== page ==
Friday, June 12, 2009

Beelzebub

And Ahaziah fell down through a lattice in his upper chamber that was in Samaria , and was sick: and he sent messengers, and said unto them, Go, enquire of Baalzebub the god of Ekron whether I shall recover of this disease. 2 Kings 1:2

When the faithless Jewish leaders accused Christ of performing his miracles by the power of
Beelzebub [also a code word for Satan], I wondered about their accusation. Who was "the god of Ekron" with that name? What I learned when I did some research was revolting. According to one account, bowel movements were associated with worship of this diety. Don't ask. There was more, none of it suitable for this forum. But here's a bit of background that is useful.

Rick Renner tells us, "The name Beelzebub was initially used by the Philistines of the Old Testament to describe the god of Ekron. It literally meant, “lord of the flies” (2 Kings 1:2-6). Originally, it was spelled Baalzebub. As time progressed, the Jews altered Baalzebub to Beelzebub, which added an even dimmer idea to this particular name of the devil. The new name (Beelzebub) now meant, “lord of the dunghill,” or “lord of the manure.”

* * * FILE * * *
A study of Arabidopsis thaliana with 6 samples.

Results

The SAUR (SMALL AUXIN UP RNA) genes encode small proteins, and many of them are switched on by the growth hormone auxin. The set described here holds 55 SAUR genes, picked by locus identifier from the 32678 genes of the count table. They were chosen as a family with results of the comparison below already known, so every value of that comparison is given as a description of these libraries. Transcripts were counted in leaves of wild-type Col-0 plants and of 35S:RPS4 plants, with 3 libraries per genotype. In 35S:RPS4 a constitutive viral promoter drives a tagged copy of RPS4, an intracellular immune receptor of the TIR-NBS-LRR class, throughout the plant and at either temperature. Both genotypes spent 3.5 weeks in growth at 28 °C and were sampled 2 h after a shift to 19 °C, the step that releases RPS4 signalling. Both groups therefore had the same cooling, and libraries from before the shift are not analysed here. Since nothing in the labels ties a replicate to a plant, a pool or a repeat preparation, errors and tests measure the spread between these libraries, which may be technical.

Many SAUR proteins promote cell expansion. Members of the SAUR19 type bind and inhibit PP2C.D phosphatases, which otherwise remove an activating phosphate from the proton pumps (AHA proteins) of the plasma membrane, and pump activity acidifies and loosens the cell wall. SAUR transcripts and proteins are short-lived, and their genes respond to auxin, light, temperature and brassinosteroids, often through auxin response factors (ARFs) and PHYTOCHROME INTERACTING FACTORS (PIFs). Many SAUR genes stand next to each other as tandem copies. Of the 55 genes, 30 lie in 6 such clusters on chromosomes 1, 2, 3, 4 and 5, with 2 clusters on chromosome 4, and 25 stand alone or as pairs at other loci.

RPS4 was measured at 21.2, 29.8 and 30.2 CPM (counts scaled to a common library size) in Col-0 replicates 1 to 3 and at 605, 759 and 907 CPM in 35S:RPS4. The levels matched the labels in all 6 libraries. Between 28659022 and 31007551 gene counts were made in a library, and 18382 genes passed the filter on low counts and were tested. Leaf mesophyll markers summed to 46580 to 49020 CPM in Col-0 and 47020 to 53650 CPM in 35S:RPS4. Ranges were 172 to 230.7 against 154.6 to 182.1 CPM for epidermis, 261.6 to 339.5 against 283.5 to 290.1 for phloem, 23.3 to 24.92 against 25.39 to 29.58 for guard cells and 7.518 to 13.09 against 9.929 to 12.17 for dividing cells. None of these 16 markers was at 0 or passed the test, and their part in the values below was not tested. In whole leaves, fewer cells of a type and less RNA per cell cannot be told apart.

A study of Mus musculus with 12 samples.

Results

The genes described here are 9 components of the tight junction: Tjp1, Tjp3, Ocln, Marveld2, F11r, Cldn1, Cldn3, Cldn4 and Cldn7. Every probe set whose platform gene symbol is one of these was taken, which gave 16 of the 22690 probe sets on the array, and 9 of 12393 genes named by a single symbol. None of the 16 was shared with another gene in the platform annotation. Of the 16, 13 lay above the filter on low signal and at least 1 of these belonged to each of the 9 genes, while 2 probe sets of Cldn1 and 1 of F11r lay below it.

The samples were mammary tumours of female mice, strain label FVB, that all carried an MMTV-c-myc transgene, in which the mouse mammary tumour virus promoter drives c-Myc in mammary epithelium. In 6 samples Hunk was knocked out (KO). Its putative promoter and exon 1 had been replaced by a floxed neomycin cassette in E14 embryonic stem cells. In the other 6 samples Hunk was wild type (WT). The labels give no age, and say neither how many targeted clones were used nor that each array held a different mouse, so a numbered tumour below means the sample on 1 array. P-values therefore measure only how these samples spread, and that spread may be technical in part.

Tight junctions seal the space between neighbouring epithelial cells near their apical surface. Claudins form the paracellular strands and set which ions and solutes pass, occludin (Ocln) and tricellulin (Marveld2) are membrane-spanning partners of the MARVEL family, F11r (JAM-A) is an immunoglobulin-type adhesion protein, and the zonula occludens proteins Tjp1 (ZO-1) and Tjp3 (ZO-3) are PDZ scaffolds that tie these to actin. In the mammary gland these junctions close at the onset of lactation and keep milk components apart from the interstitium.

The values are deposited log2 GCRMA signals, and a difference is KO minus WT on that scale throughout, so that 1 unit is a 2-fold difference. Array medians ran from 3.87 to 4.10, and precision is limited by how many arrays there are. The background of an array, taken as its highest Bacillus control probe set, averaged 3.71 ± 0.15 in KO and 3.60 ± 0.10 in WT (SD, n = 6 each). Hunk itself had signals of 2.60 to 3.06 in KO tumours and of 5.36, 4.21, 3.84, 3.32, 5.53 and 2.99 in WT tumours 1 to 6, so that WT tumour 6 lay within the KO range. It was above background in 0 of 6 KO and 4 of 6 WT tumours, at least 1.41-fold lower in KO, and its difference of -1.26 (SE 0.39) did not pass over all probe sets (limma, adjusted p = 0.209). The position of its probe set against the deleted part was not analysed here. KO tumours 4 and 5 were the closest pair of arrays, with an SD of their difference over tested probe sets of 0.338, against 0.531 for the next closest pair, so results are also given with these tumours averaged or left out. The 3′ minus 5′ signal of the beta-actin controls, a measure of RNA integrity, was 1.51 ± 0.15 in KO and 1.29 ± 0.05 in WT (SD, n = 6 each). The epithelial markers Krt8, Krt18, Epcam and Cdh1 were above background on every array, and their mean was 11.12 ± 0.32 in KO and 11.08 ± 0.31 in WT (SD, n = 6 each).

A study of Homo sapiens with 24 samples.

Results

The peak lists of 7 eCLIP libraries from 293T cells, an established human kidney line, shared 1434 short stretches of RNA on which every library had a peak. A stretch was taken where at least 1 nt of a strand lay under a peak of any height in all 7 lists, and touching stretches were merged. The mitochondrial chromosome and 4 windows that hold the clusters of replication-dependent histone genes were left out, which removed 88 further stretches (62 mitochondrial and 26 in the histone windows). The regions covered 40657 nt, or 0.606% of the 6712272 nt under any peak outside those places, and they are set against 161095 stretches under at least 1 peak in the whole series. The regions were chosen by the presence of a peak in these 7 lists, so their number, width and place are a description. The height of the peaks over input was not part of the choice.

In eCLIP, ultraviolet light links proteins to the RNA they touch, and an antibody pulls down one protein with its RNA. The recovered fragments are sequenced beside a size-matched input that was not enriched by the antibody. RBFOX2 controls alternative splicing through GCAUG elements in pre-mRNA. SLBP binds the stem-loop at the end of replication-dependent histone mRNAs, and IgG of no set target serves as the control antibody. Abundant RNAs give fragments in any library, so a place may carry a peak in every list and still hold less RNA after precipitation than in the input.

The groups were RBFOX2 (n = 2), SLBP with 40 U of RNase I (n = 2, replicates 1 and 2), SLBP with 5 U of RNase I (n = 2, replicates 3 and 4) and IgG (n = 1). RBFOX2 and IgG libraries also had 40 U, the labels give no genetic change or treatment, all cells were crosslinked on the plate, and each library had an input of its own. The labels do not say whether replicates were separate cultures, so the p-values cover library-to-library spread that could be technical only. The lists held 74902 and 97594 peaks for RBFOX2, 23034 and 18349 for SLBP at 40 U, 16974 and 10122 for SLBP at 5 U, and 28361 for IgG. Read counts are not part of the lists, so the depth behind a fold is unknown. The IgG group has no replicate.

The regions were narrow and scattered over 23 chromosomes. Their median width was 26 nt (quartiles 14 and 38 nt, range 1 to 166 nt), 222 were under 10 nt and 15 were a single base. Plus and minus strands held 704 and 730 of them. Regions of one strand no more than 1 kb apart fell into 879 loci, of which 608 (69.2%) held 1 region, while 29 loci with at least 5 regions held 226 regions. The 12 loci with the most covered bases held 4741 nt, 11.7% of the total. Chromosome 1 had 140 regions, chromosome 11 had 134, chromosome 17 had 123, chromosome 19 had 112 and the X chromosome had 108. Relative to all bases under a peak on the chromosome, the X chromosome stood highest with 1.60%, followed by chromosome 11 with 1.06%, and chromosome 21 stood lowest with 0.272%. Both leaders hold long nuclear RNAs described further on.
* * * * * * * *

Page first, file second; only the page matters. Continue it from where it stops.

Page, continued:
Two powerful and important images of Satan are presented in these two names. First of all, he is presented as Baalzebub, the “lord of the flies.” This is clearly the picture of Satan masquerading himself as the lord of demon spirits.

Secondly, he is presented as Beelzebub, the “lord of the dunghill.” By adding this twist to this name of Satan, the Jews told us something very important about the devil. Both he and his evil spirits, like nasty, dirty flies, are attracted to “dunghills” or environments where rotting, stinking, carnality pervades. This is the environment where Satan thrives best."


5 comments:

  1. While this may turn people's stomachs to read, it is vital to understand the clear image of disgusting evil. Even more, is to now understand the depth of the hatred of Jewish leaders in accusing the Savior of the world with this foul collusion. What an insult. How deeply this wounds my heart. Truly our Messiah descended below all things to rise to His throne above!


    Might I enquire of the sources used to research "Beelzebub," that you found so revolting? So's I can go and do likewise (that is my own research)? ;-)

    --
    Steven Montgomery


    Steven, I sent you a folder to the email address listed on your blog.